Consider the following statistics about health care coverage in New Mexico*
Total New Mexico Residents: 2,045,000
Total New Mexico Uninsured Residents: 11%
Total New Mexico HMO Enrollment: 866,850
Avg Annual employee premium in NM employer-sponsored plan (after employer contribution): $1,299
Avg New Mexico hospital cost per inpatient day (before insurance): $2,442
When buying health insurance, your choices typically fall into one of three categories:
Traditional fee-for-service health insurance plans are usually the most expensive choice, but they offer you the most flexibility in choosing health care providers.
Health maintenance organizations (HMOs) offer lower co-payments and cover the costs of more preventive care, but your choice of health care providers is limited to those who are part of the plan.
Preferred provider organizations (PPOs) offer lower co-payments like HMOs but give you more flexibility in selecting a provider.
As your specific needs are individual to you, buy the health insurance that makes the most sense for you and your needs.
Speak to one of our licensed health insurance agents and ask questions, such as:
Do I have the right to go to any doctor, hospital, clinic, or pharmacy I choose?
What is the most I will have to pay out of my own pocket to cover expenses?
Does the plan cover special conditions or treatments such as pregnancy, psychiatric care, and physical therapy?
The more questions you ask, the more informed you’ll be. Working with an experienced agent will make the difference between coverage that just works, and coverage that meets your needs.
A service that helps people shop for and enroll in affordable health insurance. The federal government operates the Marketplace, available at Healthcare.gov, for most states. Some states run their own Marketplaces.
The Consolidated Omnibus Budget Reconciliation Act (COBRA) gives workers and their families the right to choose to continue group health coverage provided by their group health plan for limited periods of time. There are three basic requirements that must be met for you to be entitled to elect COBRA continuation coverage:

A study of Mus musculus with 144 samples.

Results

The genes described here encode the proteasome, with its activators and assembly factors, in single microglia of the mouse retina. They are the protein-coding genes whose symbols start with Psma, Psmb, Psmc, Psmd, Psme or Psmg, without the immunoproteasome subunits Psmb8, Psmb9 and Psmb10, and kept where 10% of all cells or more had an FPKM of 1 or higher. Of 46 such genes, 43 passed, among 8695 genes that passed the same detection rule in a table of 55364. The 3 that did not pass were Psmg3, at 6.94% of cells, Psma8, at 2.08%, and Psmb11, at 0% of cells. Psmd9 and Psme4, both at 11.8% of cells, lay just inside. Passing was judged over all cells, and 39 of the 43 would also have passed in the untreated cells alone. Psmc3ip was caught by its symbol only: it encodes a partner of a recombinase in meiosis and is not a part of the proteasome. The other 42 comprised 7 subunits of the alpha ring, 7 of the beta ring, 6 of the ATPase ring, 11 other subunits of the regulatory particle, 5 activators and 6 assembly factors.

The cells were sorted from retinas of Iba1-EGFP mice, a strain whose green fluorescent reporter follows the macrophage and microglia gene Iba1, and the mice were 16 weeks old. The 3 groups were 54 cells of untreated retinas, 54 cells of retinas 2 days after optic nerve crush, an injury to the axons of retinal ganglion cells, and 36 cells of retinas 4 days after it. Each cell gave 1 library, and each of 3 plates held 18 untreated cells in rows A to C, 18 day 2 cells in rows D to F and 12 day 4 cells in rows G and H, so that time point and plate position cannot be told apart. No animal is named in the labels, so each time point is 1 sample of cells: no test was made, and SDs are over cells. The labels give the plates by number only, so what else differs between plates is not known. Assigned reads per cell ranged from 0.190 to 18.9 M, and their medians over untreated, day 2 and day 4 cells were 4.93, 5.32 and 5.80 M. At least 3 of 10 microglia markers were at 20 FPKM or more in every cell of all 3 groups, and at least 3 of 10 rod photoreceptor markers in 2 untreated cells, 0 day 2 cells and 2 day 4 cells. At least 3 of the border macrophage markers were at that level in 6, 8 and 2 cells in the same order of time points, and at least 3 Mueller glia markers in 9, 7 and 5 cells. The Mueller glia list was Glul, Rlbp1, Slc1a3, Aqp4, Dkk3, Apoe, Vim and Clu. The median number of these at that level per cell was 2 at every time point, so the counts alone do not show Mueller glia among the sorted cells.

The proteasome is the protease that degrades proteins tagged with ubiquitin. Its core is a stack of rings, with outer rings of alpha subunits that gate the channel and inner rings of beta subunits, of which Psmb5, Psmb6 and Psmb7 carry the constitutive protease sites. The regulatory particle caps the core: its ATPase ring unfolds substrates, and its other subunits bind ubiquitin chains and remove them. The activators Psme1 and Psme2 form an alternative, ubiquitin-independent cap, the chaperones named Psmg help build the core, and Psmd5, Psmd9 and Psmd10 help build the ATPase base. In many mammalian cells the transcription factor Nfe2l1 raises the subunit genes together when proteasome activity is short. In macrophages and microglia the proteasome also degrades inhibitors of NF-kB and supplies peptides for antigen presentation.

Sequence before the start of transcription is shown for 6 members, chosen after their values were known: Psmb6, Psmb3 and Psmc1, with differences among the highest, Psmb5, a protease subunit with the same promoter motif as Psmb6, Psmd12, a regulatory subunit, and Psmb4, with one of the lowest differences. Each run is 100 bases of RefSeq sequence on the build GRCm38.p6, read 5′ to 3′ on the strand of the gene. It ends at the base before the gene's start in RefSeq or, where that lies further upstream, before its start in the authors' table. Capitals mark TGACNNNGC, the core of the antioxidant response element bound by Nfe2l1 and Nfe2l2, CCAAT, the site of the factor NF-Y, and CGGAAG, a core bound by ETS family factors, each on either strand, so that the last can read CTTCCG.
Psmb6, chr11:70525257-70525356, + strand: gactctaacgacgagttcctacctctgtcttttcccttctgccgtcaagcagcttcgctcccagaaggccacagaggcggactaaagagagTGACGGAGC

Your group health plan must be covered by COBRA
A qualifying event must occur (for example, voluntary or involuntary job loss, reduction in the hours worked, transition between jobs, death, or divorce)
You must be a qualified beneficiary for that event
If you are entitled to elect COBRA continuation coverage, you must be given an election period of at least 60 days to choose whether or not to elect continuation coverage.
Under COBRA, group health plans must provide covered employees and their families with a notice explaining their COBRA rights. Plans must also have rules for how COBRA continuation coverage is offered, how qualified beneficiaries may elect continuation coverage, and when it can be terminated. COBRA is usually more expensive and the consumer could take on additional fees associated with this type of coverage.
Long-term care (LTC) is a variety of services that include medical and non-medical care for people who have chronic illnesses or disabilities. Most health insurance plans and Medicare severely limit or exclude long-term care. If you want coverage, you may need a separate long-term care insurance policy. You should consider the cost of long-term care insurance as you plan for retirement. These questions can help you evaluate long-term care insurance policies.
What qualifies you for benefits?
Some insurers say you must be unable to perform a specific number of the following activities of daily living: eating, walking, getting from bed to a chair, dressing, bathing, using a toilet, and remaining continent.
What type of care is covered?
Does the policy cover nursing home care? What about coverage for assisted living facilities that provide less client care than a nursing home? If you want to stay in your home, will it pay for care provided by visiting nurses and therapists? What about help with food preparation and housecleaning?
What will the benefits amount be?
Most plans are written to provide a specific dollar benefit per day. The benefit for home care is usually about half the nursing-home benefit. But some policies pay the same for both forms of care. Other plans pay only for your actual expenses.
What is the benefits period?
It is possible to get a policy with lifetime benefits but this can be very expensive. Other options for coverage are from one to six years. The average nursing home stay is about 2.5 years.
Is the benefit adjusted for inflation?
If you buy a policy prior to age 60, you face the risk that a fixed daily benefit will not be enough by the time you need it.
Is there a waiting period before benefits begin?
A 20 to 100 day period is not unusual.